I grew up in a small hamlet north-east of Toronto, the second daughter in a family of six. The small rural community provided rich relationships and lasting friendships with people of all ages.
When my two oldest children had no access to kindergarten, I helped set up a community nursery school beginning an interest in creating opportunities where none existed.
When a new Toronto airport threatened to take up our farming land, our family moved to south-western Ontario. There I found further opportunities--another nursery school, 4-H clubs, Home and School, a job as Educational Assistant and speech therapy aide, church and community involvements.
From Kindergarten assistant, to Seniors' Day Programs, my interest in people was enhanced. The proximity of London's Fanshaw College afforded access to evening courses and continuing education in a variety of subjects.
Reading was almost second nature to me. My best friend and I in grade school shared books and read well over 100 in any given year. It helped that she was a member of the local library. She would get a dozen and we'd exchange half way through the allowed period for keeping the books.
My earlier attempts at writing were mostly in poetry and letters. As Creative Director for the Senior's Day Program I helped to establish, my writing took new forms. I designed and wrote script for many brochures and promotional materials. For over thirteen years the Keenager's Korner appeared in four local weekly newspapers. A This is Your Life book grew as each senior was interviewed for a cameo life story along with a portrait photo which brought not only enjoyment, but healing and recognition to the seniors and their families.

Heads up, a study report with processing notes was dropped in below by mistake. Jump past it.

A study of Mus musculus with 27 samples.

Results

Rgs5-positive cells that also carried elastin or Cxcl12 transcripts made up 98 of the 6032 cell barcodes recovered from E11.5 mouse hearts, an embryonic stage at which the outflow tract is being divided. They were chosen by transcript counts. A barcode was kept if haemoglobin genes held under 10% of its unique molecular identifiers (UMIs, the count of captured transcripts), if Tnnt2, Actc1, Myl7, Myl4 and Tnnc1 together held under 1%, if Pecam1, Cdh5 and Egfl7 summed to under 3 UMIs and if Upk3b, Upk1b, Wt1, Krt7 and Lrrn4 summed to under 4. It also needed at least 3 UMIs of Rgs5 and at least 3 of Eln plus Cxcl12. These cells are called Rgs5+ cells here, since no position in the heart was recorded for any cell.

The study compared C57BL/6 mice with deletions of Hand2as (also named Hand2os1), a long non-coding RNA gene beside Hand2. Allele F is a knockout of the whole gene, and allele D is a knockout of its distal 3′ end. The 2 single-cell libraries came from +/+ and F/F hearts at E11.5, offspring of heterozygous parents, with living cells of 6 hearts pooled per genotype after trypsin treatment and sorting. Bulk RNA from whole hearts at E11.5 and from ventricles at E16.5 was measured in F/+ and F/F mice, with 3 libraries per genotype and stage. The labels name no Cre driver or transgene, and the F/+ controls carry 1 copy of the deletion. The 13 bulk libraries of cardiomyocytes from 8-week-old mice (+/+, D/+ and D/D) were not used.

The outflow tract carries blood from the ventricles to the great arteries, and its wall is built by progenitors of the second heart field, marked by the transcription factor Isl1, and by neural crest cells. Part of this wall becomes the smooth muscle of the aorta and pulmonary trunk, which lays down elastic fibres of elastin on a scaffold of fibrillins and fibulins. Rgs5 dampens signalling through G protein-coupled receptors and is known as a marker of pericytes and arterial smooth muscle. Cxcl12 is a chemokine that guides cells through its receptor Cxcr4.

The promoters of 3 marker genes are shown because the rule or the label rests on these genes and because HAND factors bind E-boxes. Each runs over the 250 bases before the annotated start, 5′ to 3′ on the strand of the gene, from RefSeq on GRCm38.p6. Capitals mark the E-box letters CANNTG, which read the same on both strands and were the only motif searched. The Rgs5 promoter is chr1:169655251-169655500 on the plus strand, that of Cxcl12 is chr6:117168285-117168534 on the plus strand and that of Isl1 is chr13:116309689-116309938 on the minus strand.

In 1999, my 63 year-old husband of thirty-nine years, Norman Smith, died of colon cancer. That adjustment and learning curve nudged me into serious writing. Norman had always encouraged my writing and offered to take over the house work on his retirement so I could follow my dream. When he knew he was dying, he instructed me to get someone else to do the cleaning so I could write.
In 2005 I was married again to Paul Meyer. To my four grown children and five grandchildren, my new marriage added another four children and thirteen grandchildren, six great-grands and a whole new circle of friends.
January 2016, Paul succumbed to the cancer he had been battling since two weeks after our marriage. We felt so blessed to have experienced 10 years of happy marriage.
My writing has given me opportunity to speak in various settings. Although I can't take on as many assignments as I did at first, I still enjoy that contact and sharing with such a wide range of people. My life is full and satisfying.